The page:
Randy S. D’Amico, Justin A. Neira, Jonathan Yun, Nikita G. Alexiades, Matei Banu, Zachary K. Englander, Benjamin C. Kennedy, Timothy H. Ung, Robert J. Rothrock, Alexander Romanov, Xiaotao Guo, Binsheng Zhao, Adam M. Sonabend, Peter Canoll and Jeffrey N. Bruce
Intracerebral convection-enhanced delivery (CED) has been limited to short durations due to a reliance on externalized catheters. Preclinical studies investigating topotecan (TPT) CED for glioma have suggested that prolonged infusion improves survival. Internalized pump-catheter systems may facilitate chronic infusion. The authors describe the safety and utility of long-term TPT CED in a porcine model and correlation of drug distribution through coinfusion of gadolinium.
Fully internalized CED pump-catheter systems were implanted in 12 pigs. Infusion algorithms featuring variable infusion schedules, flow rates, and concentrations of a mixture of TPT and gadolinium were characterized over increasing intervals from 4 to 32 days. Therapy distribution was measured using gadolinium signal on MRI as a surrogate. A 9-point neurobehavioral scale (NBS) was used to identify side effects.
All animals tolerated infusion without serious adverse events. The average NBS score was 8.99. The average maximum volume of distribution (Vdmax) in chronically infused animals was 11.30 mL and represented 32.73% of the ipsilateral cerebral hemispheric volume. Vdmax was achieved early during infusions and remained relatively stable despite a slight decline as the infusion reached steady state. Novel tissue TPT concentrations measured by liquid chromatography mass spectroscopy correlated with gadolinium signal intensity on MRI (p = 0.0078).
Prolonged TPT-gadolinium CED via an internalized system is safe and well tolerated and can achieve a large Vdmax, as well as maintain a stable Vd for up to 32 days. Gadolinium provides an identifiable surrogate for measuring drug distribution. Extended CED is potentially a broadly applicable and safe therapeutic option in select patients.
Justin A. Neira, Timothy H. Ung, Jennifer S. Sims, Hani R. Malone, Daniel S. Chow, Jorge L. Samanamud, George J. Zanazzi, Xiaotao Guo, Stephen G. Bowden, Binsheng Zhao, Sameer A. Sheth, Guy M. McKhann II, Michael B. Sisti, Peter Canoll, Randy S. D'Amico and Jeffrey N. Bruce
Extent of resection is an important prognostic factor in patients undergoing surgery for glioblastoma (GBM). Recent evidence suggests that intravenously administered fluorescein sodium associates with tumor tissue, facilitating safe maximal resection of GBM. In this study, the authors evaluate the safety and utility of intraoperative fluorescein guidance for the prediction of histopathological alteration both in the contrast-enhancing (CE) regions, where this relationship has been established, and into the non-CE (NCE), diffusely infiltrated margins.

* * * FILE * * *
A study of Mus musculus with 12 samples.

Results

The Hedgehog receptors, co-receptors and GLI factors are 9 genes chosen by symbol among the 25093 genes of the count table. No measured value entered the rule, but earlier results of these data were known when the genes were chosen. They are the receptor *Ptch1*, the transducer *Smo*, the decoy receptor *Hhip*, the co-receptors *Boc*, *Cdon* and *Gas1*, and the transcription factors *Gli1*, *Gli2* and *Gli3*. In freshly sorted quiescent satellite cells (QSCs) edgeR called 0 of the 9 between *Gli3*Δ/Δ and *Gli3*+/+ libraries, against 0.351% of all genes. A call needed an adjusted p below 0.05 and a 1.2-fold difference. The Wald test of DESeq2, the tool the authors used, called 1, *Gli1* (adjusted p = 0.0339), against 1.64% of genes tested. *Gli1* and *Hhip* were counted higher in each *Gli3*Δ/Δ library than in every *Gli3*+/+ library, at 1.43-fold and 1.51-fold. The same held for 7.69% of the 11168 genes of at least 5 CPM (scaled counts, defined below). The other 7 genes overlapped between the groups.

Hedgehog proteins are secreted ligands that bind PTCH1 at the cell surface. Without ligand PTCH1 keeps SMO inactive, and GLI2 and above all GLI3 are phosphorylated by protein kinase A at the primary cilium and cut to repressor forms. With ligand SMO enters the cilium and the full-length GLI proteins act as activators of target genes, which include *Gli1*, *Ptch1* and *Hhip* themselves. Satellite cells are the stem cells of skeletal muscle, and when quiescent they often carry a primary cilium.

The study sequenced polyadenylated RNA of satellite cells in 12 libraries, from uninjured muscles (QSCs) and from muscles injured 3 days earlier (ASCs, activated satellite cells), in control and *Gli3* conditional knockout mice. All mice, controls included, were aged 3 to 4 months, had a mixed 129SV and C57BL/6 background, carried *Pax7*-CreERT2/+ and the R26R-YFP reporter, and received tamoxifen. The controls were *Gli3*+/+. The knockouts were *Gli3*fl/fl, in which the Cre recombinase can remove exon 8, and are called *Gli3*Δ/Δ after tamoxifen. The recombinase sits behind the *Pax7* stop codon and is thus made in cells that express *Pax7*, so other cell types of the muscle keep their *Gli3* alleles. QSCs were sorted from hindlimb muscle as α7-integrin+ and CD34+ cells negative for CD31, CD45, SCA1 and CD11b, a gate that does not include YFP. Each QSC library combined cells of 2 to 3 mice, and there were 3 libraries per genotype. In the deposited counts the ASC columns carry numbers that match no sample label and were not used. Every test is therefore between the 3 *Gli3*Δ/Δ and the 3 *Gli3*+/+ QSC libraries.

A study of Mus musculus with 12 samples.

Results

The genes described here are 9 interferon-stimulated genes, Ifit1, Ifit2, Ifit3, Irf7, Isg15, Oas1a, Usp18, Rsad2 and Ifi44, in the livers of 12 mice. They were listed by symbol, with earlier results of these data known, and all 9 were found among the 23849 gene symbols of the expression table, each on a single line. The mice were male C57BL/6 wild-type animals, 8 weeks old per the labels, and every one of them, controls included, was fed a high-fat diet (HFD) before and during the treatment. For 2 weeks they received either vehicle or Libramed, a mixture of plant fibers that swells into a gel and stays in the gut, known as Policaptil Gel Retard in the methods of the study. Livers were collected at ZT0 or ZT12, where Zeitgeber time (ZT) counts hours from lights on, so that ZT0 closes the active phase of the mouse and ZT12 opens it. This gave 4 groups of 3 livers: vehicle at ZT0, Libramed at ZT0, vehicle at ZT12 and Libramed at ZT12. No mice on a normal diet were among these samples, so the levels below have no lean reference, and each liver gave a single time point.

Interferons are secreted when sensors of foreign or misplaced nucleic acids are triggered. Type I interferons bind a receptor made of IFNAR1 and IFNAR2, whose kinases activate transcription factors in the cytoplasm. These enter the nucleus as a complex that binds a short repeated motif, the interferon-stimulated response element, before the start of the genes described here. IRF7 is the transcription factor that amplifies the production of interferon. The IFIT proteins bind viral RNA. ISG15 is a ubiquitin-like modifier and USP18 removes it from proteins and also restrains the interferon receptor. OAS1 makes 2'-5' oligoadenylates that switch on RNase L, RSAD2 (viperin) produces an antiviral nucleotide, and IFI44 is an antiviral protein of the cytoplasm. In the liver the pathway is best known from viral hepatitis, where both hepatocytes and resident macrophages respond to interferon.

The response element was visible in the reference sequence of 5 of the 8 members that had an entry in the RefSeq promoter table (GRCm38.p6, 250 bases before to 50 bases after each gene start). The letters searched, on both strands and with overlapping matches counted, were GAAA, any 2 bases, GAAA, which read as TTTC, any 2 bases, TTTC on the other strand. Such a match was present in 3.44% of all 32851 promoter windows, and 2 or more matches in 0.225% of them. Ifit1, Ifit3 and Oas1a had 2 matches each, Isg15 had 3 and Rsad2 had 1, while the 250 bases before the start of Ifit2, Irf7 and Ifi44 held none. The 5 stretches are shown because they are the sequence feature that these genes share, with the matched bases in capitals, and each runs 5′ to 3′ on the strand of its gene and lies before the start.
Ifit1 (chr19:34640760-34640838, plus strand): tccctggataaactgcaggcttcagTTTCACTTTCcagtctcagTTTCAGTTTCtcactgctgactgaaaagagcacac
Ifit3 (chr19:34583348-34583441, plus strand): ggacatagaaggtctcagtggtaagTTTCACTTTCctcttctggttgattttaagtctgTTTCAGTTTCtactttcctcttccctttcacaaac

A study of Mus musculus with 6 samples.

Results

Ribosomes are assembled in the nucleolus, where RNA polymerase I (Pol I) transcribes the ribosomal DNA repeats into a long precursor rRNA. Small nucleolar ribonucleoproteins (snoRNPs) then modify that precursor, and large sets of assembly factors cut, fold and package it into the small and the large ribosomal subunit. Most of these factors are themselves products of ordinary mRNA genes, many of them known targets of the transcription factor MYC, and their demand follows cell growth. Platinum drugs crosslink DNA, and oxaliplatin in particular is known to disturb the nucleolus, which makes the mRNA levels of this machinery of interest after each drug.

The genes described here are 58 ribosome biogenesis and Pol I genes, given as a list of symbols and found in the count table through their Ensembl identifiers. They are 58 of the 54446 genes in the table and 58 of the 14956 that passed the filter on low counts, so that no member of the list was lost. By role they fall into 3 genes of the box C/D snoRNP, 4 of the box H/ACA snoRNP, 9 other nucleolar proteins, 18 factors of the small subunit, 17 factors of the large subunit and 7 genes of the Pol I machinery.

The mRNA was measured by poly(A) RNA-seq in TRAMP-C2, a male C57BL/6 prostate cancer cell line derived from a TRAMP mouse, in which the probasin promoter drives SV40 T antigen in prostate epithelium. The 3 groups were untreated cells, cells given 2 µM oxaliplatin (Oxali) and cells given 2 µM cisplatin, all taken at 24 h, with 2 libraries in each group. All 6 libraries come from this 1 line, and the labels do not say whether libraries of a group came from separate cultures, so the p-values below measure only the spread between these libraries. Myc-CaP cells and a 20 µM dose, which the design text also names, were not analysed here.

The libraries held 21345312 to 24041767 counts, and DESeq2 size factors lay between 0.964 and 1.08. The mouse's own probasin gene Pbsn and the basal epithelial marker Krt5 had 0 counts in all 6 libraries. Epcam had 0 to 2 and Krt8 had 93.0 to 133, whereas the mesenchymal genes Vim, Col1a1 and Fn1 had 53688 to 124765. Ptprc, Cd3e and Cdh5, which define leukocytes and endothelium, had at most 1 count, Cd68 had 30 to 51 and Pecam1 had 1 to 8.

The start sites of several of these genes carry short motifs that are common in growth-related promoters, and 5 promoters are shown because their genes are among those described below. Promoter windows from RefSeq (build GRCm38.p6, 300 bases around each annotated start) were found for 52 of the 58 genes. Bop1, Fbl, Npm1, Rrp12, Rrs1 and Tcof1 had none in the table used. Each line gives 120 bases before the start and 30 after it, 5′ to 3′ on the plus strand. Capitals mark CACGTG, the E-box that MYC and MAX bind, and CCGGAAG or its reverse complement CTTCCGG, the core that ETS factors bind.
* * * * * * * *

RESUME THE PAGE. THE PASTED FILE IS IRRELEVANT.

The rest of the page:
Thirty-two patients received fluorescein sodium (3 mg/kg) intravenously prior to resection. Fluorescence was intraoperatively visualized using a Zeiss Pentero surgical microscope equipped with a YELLOW 560 filter. Stereotactically localized biopsy specimens were acquired from CE and NCE regions based on preoperative MRI in conjunction with neuronavigation. The fluorescence intensity of these specimens was subjectively classified in real time with subsequent quantitative image analysis, histopathological evaluation of localized biopsy specimens, and radiological volumetric assessment of the extent of resection.
Bright fluorescence was observed in all GBMs and localized to the CE regions and portions of the NCE margins of the tumors, thus serving as a visual guide during resection. Gross-total resection (GTR) was achieved in 84% of the patients with an average resected volume of 95%, and this rate was higher among patients for whom GTR was the surgical goal (GTR achieved in 93.1% of patients, average resected volume of 99.7%). Intraoperative fluorescein staining correlated with histopathological alteration in both CE and NCE regions, with positive predictive values by subjective fluorescence evaluation greater than 96% in NCE regions.
Intraoperative administration of fluorescein provides an easily visualized marker for glioma pathology in both CE and NCE regions of GBM. These findings support the use of fluorescein as a microsurgical adjunct for guiding GBM resection to facilitate safe maximal removal.